Have you experienced this that when you are in the right mental state, enjoy what you are doing and have fun while training, competing or even in school, your performance improved faster and easier compared to when you didn’t really enjoy it? Well, I certainly have. What we often forget is that competing not always solely about pushing your own limits, improving your stamina or beating your personal or general record. Mental health, feeling comfortable and happy in whatever you are doing is just as important!
Mental health is a key factor in every professional discipline – doesn’t even matter whether it’s in sports or in business or school. If you want to perform at an elite level in any area, your mental health must be in “shape”, too. If you are anxious of failing, if you doubt yourself, or if nervousness controls you, the chances to perform at your best will decrease.
Professional sports have nowadays reached a very high level. Besides equipment development, intensive research in sport science, nutrition and so on, increased competitive sport puts even more pressure on athletes because no single flaw is accepted (I’m sure that with climbing being in the Olympics now, both the external and internal expectations and pressure will even increase more). Athletes are therefore challenged to keep their physical and mental health in balance. The line between adequate and insufficient recovery time for the body but also for the mind is very thin and any little deviation can have a big impact on an athlete’s performance.
The WHO (2014) has recognized mental health as “a state of well-being in which every individual realises his or her own potential, can cope with the normal stresses of life, can work productively and fruitfully, and is able to make a contribution to her or his community”.
A specific definition for elite athletes is needed to highlight the fact that the absence of a clinical disorder doesn’t equal a healthy and fit athlete. Probably every athlete faces challenging situations, or even long time-spans with a lot of ups and downs, or e.g. a volcano of different emotions. These challenges can impact an athlete’s mental health and physical performance drastically. If an athlete doesn’t have the opportunity to get support, he/she might end up experiencing depression, anxiety of eating disorders, which are common issues among athletes.
This doesn’t mean to pathologise athletes’ experiences but to value the human behind the performance and to take unpleasant states such as performance anxiety, nervousness and doubts seriously. Athletes and coaches should be aware that athletes do not have to be diagnosed with a mental disorder to benefit from sport psychological treatment.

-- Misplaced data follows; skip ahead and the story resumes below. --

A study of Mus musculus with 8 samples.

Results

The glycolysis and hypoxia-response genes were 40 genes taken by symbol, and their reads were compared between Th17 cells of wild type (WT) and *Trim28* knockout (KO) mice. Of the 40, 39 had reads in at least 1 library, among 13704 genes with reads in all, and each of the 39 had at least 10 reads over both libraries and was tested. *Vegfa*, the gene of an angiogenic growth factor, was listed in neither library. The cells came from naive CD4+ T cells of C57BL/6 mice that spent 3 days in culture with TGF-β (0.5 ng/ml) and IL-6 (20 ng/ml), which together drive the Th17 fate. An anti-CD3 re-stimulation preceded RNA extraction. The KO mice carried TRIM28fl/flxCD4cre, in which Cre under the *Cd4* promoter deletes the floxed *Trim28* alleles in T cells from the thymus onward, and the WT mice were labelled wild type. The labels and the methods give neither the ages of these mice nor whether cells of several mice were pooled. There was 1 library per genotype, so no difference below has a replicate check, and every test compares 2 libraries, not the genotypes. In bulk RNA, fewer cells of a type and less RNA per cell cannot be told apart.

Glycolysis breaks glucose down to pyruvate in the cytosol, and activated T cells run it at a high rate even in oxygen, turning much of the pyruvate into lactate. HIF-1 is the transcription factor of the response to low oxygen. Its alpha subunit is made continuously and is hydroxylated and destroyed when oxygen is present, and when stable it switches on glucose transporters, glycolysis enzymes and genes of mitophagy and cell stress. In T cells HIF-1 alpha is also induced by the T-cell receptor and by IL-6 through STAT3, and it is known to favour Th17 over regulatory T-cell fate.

Often athletes struggle because of an inadequate environment which could be easily changed when being supported by a specialist. The environment won’t cause mental health issues per se but an environment can nourish or malnourish an athlete’s mental health and physical performance. For example, the attitude „medals at all costs“, allowing bullying, pressure, forcing training or even competing while injured or sick, not allowing academic pursuits and non-sport friendships and ignoring athletes’ mental health will most likely have a negative impact on any athlete. An environment with a positive impact on an athlete’s mental health is integrated, value based, sends clear messages and engages in practices that are coherent with these values, allows multiple identities (e.g. athlete, friend, sibling, artist, etc.), and empowers the athletes (Henriksen & Stambulova, 2017; Mountjoy, Rhind, Tilbas & Leglise, 2015).
Mental health is related to, but separate from performance (Moesch et al., 2018 ). This means that athletes with excellence mental health have a greater chance to perform well, especially over the long period of time. At the same time is good mental health is not essential to perform well.
An athlete’s mental health can also impact the life after the athletic career: if an athlete values a healthy mind, he or she will also have an easier time to cope with a career end and adapt to the changes and challenges which come along with it. A transition to a non-athletic life can trigger lurking issues or cause distress because of ignoring post-career topics regarding finance, lifestyle or personality.
As Henriksen et al. (2019) suggest, “mental health is a core component of a culture of excellence”. With the increased pressure on elite, professional, and now future Olympic climbers, the training exposure, expectations for performance and results simultaneously increase, which we have just mentioned to be a potential threat to an athlete’s mental health. In fact, this is not just made up – studies confirm significant levels of mental ill health among athletes (e.g. Foskett & Long- staff, 2018; Schaal et al., 2011). If we only focus on "winning at any cost”, we neglect the fact that behind every performance there is a human.
Reflect on how much you train your body physically. Think of how much time you spend on your mental training? How do you fulfill your psychological needs? Do you have strategies to support your mental health and well-being? Investing time and energy in your mental health doesn’t necessarily mean for you to always see a psychologist (even though it can help), you can work on it on your own, using your own strategies if that’s what you prefer. Main fact is that you – as an athlete – but also organisations and trainers have to take it seriously and be mindful about the importance of mental health in sports.